Pain is experienced by as many as two thirds of people with MS. People in the advanced stages of MS can have pain related to spasticity, infection, pressure sores, headache, muscle contractures, as well as muscle and bone pain that can come from their limited ability to move.
Survey studies of MS pain tell us that people with greater disability scores or advanced MS, and those with greater time from diagnosis, are more likely to experience pain.
In this section we discuss the possible sources of pain in advanced MS and ways to treat it and cope with it. Pain is usually all-consuming and miserable for the person experiencing it and very distressing for family members to observe. Pain deserves serious attention from both Care Givers and health care providers, particularly GPs and nurses.
- Excruciating, sharp, shock-like pain in cheek and forehead, lasting seconds to minutes (trigeminal neuralgia)
- Brief muscle twitching or sudden, sharp muscle spasm; may also burn or tingle (tonic spasms)
- Painful burning, aching, or itching of any part of the body, more common in the legs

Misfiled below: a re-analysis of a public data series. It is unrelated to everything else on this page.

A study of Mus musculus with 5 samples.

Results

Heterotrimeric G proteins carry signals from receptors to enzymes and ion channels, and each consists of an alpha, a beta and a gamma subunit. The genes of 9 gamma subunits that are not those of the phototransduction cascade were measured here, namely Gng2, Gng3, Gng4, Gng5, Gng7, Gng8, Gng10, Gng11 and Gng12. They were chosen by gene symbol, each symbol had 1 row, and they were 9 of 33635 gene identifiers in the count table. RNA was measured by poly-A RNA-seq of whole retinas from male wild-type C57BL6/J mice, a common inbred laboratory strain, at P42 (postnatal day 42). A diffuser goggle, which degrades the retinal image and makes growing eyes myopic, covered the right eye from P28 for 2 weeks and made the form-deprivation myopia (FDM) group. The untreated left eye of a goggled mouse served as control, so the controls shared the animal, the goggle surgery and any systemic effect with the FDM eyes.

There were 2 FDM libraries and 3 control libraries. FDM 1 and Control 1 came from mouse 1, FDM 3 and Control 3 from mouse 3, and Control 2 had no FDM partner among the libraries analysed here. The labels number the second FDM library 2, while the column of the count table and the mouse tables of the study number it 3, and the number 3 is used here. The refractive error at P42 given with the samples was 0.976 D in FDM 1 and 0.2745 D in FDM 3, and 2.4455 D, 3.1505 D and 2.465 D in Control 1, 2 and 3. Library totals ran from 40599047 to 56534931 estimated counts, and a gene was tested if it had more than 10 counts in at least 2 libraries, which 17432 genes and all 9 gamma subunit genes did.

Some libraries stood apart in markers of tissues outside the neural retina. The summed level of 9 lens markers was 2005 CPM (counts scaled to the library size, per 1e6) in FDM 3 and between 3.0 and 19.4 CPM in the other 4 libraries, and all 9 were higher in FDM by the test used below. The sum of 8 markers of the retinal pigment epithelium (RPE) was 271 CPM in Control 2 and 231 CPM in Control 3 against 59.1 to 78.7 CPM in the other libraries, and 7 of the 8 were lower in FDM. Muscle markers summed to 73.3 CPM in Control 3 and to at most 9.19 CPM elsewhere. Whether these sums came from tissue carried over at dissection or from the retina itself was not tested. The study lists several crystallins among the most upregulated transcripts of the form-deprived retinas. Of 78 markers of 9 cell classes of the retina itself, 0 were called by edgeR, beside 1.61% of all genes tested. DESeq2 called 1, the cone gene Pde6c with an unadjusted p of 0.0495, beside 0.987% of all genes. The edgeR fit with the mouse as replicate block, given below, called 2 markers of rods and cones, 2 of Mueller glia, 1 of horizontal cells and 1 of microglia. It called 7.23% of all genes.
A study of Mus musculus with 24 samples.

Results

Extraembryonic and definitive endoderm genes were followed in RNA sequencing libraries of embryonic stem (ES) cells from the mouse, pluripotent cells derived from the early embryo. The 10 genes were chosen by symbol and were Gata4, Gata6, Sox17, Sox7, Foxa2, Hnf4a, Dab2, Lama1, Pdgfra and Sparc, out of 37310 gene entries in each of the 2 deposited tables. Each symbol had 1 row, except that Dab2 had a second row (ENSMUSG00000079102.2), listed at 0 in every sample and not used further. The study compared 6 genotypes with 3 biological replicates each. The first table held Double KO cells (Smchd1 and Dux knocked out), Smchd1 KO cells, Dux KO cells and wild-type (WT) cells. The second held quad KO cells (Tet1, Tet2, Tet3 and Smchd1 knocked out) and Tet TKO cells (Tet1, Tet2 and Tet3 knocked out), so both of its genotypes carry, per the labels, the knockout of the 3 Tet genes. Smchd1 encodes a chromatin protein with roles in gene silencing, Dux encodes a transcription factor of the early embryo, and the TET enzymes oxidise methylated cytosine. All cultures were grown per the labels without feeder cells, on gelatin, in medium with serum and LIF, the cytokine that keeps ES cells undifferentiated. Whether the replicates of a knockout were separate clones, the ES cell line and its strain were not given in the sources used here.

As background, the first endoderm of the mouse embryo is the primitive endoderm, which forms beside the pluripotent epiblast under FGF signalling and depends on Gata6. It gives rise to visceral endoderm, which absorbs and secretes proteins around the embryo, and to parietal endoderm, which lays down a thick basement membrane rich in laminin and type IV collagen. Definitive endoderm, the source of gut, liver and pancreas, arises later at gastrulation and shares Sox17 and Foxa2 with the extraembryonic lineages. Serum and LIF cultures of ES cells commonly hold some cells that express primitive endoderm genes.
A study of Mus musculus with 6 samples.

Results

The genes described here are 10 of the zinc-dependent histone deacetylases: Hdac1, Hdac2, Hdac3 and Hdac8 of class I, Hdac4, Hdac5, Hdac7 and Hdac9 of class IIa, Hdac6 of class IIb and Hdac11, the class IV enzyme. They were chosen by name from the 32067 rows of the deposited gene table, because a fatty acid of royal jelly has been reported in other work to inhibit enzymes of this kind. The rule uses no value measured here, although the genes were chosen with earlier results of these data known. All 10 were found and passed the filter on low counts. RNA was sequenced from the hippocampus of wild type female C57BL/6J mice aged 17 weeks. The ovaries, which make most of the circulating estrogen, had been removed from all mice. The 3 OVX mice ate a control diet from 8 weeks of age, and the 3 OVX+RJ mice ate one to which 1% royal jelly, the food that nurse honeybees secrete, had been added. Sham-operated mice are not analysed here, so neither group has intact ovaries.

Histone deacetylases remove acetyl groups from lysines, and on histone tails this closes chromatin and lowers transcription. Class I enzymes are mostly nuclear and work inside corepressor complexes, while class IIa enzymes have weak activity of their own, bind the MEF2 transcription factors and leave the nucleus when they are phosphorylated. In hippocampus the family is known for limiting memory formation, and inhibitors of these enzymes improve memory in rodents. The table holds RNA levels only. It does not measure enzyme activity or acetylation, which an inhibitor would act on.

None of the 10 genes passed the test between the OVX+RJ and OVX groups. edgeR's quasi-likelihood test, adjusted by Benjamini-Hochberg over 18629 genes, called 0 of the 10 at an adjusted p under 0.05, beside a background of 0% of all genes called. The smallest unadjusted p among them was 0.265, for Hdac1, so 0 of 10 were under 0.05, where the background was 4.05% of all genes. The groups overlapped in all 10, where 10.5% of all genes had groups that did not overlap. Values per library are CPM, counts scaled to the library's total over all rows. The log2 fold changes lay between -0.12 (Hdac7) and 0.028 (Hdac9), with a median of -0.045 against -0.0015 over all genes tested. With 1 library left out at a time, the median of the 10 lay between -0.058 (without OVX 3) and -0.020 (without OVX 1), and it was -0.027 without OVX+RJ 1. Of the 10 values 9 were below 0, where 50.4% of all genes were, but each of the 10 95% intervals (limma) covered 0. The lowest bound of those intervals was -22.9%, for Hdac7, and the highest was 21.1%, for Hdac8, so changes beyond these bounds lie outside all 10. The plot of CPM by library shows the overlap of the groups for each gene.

- Migraine, tension, or cluster headaches
- Pulling or dragging pain on eye movement (optic or retrobulbar neuritis)
- Chronic burning, tingling, tightness, a pins-and-needles feeling, or a dull warm aching.
- Muscle cramping, pulling and pain (spasms)
- Pain caused by the physical stress of immobility (musculo-skeletal pain).
- Pain caused by MS treatment, such as steroid-induced osteoporosis, interferon side-effects, injection site reactions.
- Pain associated with pressure sores, stiff joints, muscle contractures, urinary retention, urinary tract infection, and other infections.
You can ask if pain exists and how severe it is on a scale from 0 (no pain) to 10 (worst pain of my life). Facial expressions, such as grimacing, frowning, looking sad, or wrinkling the brow can be an indication of pain. Note if there is clenching fists or pulling at or touching a body part or area. Pain can also be assessed by observing usual activities. Look at the ability to rest and sleep, and the ability to enjoy family, friends, and recreational activities, such as watching television and reading.
The website mypainfeelslike.ie contains resources which may help you and your loved one to describe and understand MS pain, and explain it accurately to medical professionals so the best course of treatment can be prescribed.